What Is Your Opinion on the Frozen Embryo Dilemma?

Frozen EmbryosInfertility often leads to fertility treatment.

 

Fertility treatment leads to stimulating ovaries to creating more eggs (ovum).

 

More successfully retrieved ovum can mean more embryos created. 

 

That's certainly the expectation, even the hope, with fertility treatment. 

 

Here's the next hope and expectation, we get pregnant. That happens a lot. That is the whole point of treatment. That is the best outcome, that a pregnancy has been created.

How Cryopreservation Works

Very often, there are extra embryos and almost always, they are frozen (cryopreserved). This is a method that suspends the growth and division of the embryo. Typically, a woman, prospective parent, or couple will decide that they would like a second and even third or fourth child and those embryos can then be thawed (removed from cryopreservation, warmed gradually and start to grow and divide again) and, with a high level of success, another successful pregnancy can occur. 

 

This is a scenario that happens all over the United States, as well as in many other countries all over the world.

 

I used the word dilemma in the title of today's blog.

 

Here's the dilemma. 

 

When family building is done, what do we do about the frozen embryos?

 

Why is it a dilemma?

 

For some people, it's not. I haven't met too many of those people in over 24 years of being in the field of infertility. 

 

Most of us struggle with what to do with what can be full genetic siblings to our children.

 

There are limited choices. As best I understand them, here they are: 

 

  1. Keep them frozen (there are costs associated with this, but there are cases of embryos frozen for over a decade or more)
  2. Allow them to thaw and discard them
  3. Donate them to another person experiencing infertiilty
  4. Donate them for scientific research

 

Those choices seem stark to me. Maybe it's because they are in a numbered list and the number four doesn't seem very high.

 

There really aren't a lot of choices. Four is not a lot of choices. Especially since, for most of us, the choices aren't all that great. Maybe I should say the choices aren't all that comfortable. 

 

Often, choice number one is used because it's a type of non-decision. It's literally freezing time until another decision is made. It's possible to keep embryos frozen forever if you're willing to pay the costs associated. But then what? Someone, at some time, will need to make a decision about what to do about the embryos.

 

That's the dilemma. 

 

What to do about the embryos.

 

It's a very personal choice. Let's start there.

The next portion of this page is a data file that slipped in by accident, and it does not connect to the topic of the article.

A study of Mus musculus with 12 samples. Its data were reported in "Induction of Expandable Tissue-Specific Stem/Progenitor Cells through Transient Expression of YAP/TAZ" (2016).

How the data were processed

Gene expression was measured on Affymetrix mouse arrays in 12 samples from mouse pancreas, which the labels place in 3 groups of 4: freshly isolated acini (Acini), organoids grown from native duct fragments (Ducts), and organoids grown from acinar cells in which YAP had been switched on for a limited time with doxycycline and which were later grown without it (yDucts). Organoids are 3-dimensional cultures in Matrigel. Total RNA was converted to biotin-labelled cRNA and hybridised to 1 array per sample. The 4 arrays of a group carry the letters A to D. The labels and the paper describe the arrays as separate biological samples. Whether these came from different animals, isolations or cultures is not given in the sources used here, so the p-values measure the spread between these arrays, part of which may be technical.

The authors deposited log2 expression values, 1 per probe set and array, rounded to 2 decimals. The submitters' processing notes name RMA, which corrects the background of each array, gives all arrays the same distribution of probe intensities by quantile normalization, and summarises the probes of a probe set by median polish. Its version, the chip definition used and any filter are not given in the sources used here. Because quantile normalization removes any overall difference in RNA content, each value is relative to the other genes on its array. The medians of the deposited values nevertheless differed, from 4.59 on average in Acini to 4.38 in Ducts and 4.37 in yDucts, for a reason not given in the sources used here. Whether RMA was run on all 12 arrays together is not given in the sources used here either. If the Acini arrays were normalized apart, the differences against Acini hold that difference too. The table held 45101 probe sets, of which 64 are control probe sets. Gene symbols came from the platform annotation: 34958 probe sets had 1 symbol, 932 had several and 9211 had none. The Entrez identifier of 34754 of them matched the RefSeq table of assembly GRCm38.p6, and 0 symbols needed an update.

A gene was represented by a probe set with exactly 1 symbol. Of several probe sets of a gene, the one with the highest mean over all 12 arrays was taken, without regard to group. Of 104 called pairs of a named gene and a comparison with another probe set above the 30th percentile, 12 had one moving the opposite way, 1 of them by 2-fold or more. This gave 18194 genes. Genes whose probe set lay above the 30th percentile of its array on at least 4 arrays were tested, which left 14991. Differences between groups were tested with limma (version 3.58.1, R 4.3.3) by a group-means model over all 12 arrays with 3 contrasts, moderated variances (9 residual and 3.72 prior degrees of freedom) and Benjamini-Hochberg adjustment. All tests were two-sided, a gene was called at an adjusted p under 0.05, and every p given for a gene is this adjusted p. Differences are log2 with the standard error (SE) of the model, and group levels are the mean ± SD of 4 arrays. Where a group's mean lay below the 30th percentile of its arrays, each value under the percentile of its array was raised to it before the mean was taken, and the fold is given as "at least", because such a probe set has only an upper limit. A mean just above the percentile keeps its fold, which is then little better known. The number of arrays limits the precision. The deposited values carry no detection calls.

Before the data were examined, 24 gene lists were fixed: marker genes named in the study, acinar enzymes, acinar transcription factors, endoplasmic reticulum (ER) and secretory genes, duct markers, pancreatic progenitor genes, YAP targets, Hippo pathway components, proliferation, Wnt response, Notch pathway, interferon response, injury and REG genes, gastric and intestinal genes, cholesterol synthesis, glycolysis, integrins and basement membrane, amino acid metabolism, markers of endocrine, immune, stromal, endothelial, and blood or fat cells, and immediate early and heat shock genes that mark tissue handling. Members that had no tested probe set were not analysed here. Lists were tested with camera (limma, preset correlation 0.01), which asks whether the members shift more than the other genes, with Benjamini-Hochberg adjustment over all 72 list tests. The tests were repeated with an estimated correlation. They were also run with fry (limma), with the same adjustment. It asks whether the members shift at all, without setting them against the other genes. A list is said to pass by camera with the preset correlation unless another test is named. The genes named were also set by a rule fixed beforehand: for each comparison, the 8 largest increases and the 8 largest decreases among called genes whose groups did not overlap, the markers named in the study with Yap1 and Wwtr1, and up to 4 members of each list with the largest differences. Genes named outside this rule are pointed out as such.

Making Powerful Choices During Fertility Treatment

One of the problems is that while we're in the middle of fertility treatment, there are so many powerful things that we need to consider. Compromises, life changing decisions that we need to make. While the emphasis is on the pregnancy and the baby, what to do with extra embryos often becomes almost always an afterthought. It's not the point. And often, in the middle of fertility treatment, almost everything except becoming pregnant is not the point.

 

And then we become pregnant, maybe more than once. Our families are built. 

 

Hence the frozen embryo dilemma.

 

So, please, share with us. Anonymously if you like. 

 

What are your feelings about frozen embryos? 

 

What would you do?

 

What have you done?

 

What do you wish you had known to ask or consider or think about?

 

 

 

Topics: Embryo, Fertility Treatment, Freezing

Lisa Rosenthal

Lisa has over thirty years of experience in the fertility field. After her personal infertility journey, she felt dissatisfied with the lack of comprehensive services available to support her. She was determined to help others undergoing fertility treatment. Lisa has been with RMACT for eleven years and serves as Patient Advocate and the Strategic Content Lead.

Lisa is the teacher and founder of Fertile Yoga, a program designed to support men and women on their quest for their families through gentle movement and meditation.

Lisa’s true passion is supporting patients getting into treatment, being able to stay in treatment and staying whole and complete throughout the process. Lisa is also a Certified Grief Recovery Specialist, which is helpful in her work with fertility patients.

Her experience also includes working with RESOLVE: The National Infertility Association and The American Fertility Association (now Path2Parenthood), where she was Educational Coordinator, Conference Director and Assistant Executive Director.